After writing plays for eight years, “The Glass Menagerie” was Tennessee Williams first successful play. Opening on Broadway in 1944, it won the New York drama Critics’ Circle Award the next year. Williams would go on to write “A Streetcar Named Desire, Cat on a Hot Tin Roof, Night of the Iguana,” and another two dozen major plays and along with Arthur Miller and Eugene O’Neill, is considered among the greatest American playwrights of the 20th century. But it was “Menagerie” that started it all. Arden Theatre, which already produced “Streetcar” and “Cat on a Hot Tin Roof,” has opened the 2022-23 season with “The Glass Menagerie.” It is a strong production, not falling into the over-the-top acting traps that made the film version in 1950 mediocre and by some critics, a failure..
The Wingfield’s live in a small apartment in St. Louis. Their income comes from their son Tom, who works in a warehouse in a job he despises. His sister Laura is a cripple who is painfully shy. She fears that she will never attract a “gentleman caller,” that her mother wants for her. Their mother Amanda, on the other hand is constantly reminding them how beautiful she was and had 17 gentleman callers on a single evening. But we are also aware the her husband left the family, never return, many years ago. It is a very fractured family.
Amanda escapes through her memories. Tom escapes by going out to movies, long into the night. But Laura cannot escape, and her mother convinces Tom to bring to dinner, a man, any man from work, who might remove the burden of her daughter and support them.
Amanda IS a force to be reckoned with. Whether her husband left because he couldn’t deal with her or that she became the way she is, because he left, we never find out. In trying to control their lives, she is constantly telling her adult children what they must do, just as Williams’ mother did. Krista Apple gives a fine performance in portraying Amanda as a real person and not a caricature.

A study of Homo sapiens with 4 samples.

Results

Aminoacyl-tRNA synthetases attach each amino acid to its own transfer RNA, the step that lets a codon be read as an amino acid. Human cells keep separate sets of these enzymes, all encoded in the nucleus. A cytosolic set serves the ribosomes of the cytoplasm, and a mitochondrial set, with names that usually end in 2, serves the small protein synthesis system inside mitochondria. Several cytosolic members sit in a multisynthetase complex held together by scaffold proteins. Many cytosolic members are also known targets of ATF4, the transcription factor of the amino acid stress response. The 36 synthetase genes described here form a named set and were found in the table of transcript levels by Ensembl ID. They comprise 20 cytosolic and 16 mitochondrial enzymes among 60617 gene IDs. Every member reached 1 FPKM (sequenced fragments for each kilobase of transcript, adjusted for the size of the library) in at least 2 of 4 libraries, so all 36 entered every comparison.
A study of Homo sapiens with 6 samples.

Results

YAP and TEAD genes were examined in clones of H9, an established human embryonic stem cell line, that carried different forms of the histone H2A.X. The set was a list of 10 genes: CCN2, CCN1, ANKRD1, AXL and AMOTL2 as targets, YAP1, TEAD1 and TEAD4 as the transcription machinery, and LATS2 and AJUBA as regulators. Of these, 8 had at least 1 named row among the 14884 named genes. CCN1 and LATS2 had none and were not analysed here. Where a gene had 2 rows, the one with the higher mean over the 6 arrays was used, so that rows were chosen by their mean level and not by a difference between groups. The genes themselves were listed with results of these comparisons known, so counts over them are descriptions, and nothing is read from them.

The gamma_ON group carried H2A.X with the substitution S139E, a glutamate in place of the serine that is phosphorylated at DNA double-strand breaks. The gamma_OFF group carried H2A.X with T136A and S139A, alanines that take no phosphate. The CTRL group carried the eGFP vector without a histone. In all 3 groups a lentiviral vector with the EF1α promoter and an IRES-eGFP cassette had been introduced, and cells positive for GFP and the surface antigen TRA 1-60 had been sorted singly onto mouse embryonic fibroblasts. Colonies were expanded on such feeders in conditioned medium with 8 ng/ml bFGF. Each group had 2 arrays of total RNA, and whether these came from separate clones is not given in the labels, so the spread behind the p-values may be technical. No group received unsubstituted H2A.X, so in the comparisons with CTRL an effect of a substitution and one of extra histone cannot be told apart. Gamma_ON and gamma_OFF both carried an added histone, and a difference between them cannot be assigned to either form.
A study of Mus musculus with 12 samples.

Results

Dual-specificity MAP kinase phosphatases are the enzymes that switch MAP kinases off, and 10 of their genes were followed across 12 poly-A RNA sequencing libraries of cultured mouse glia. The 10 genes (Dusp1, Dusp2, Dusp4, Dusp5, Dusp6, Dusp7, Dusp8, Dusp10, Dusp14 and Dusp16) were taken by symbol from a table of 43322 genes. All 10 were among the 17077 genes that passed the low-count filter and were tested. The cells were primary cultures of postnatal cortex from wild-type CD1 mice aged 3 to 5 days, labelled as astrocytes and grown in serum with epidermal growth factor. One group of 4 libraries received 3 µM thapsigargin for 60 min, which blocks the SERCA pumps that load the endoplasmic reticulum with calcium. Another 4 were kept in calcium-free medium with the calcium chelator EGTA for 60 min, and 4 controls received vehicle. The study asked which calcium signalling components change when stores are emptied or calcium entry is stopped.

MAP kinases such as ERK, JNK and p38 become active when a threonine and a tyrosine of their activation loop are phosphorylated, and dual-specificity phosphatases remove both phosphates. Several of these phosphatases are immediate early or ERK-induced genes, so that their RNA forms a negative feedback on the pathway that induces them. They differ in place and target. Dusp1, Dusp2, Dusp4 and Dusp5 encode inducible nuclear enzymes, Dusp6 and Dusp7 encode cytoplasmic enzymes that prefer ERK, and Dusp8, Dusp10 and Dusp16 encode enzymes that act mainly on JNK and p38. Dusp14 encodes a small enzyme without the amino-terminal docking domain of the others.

Hanna Brannau is even more powerful as Laura. We feel her struggle in her attempts to move about, in her body posture, and in her anxious face. We understand her struggles without a word, and when she does speak, we listen and we care.
Tom Wingfield is not only a character, Amanda’s son- he is also the narrator, outside the play, observing the goings on with his mother, his sister, and with Jim, the gentleman caller in the second act. Sean Lally is superb portraying Tom- the alter ego of Williams, who grew up with a very troubled mother and fragile sister.
He recalls, then comments upon what they say- what he remembers. He even warns us at the beginning, that this is a memory play, so it might not be entirely accurate..
I did have two issues with the production. As it is a very naturalistic story, the characters often speak rapidly, they speak softly, and I missed several of their words. because on the Arden stage- in the ¾ round- they had their backs to me. Ironically, if this were a film with the camera poised in front of them, I suspect it would have been more powerful than the Hollywood production. But when I have to work that hard to hear, it makes me less engaged in the characters and their stories.
Finally, the set design was not effective. The Wingfields live in a small apartment in St. Louis. The large stage, with a minimal set did not seem to reflect their situation, despite a few props from the 30’s. The play would have been served better by a tighter space with more than just the table and chairs for the dinner and a small sofa. In tightening the space, it also would have brought the actors further downstage where it would have been easier to hear them.
Still, Arden’s production of is a good one. The disillusionment, the disappointment, and the struggles have been brought effectively to the stage by Director Terrence J. Nolen.
“The Glass Menagerie” by Tennessee Williams, Thru November 6, 2022. Arden Theatre, 40 N. 2nd Street, Philadelphia, PA 19106, ardentheatre.org 215-922-1122.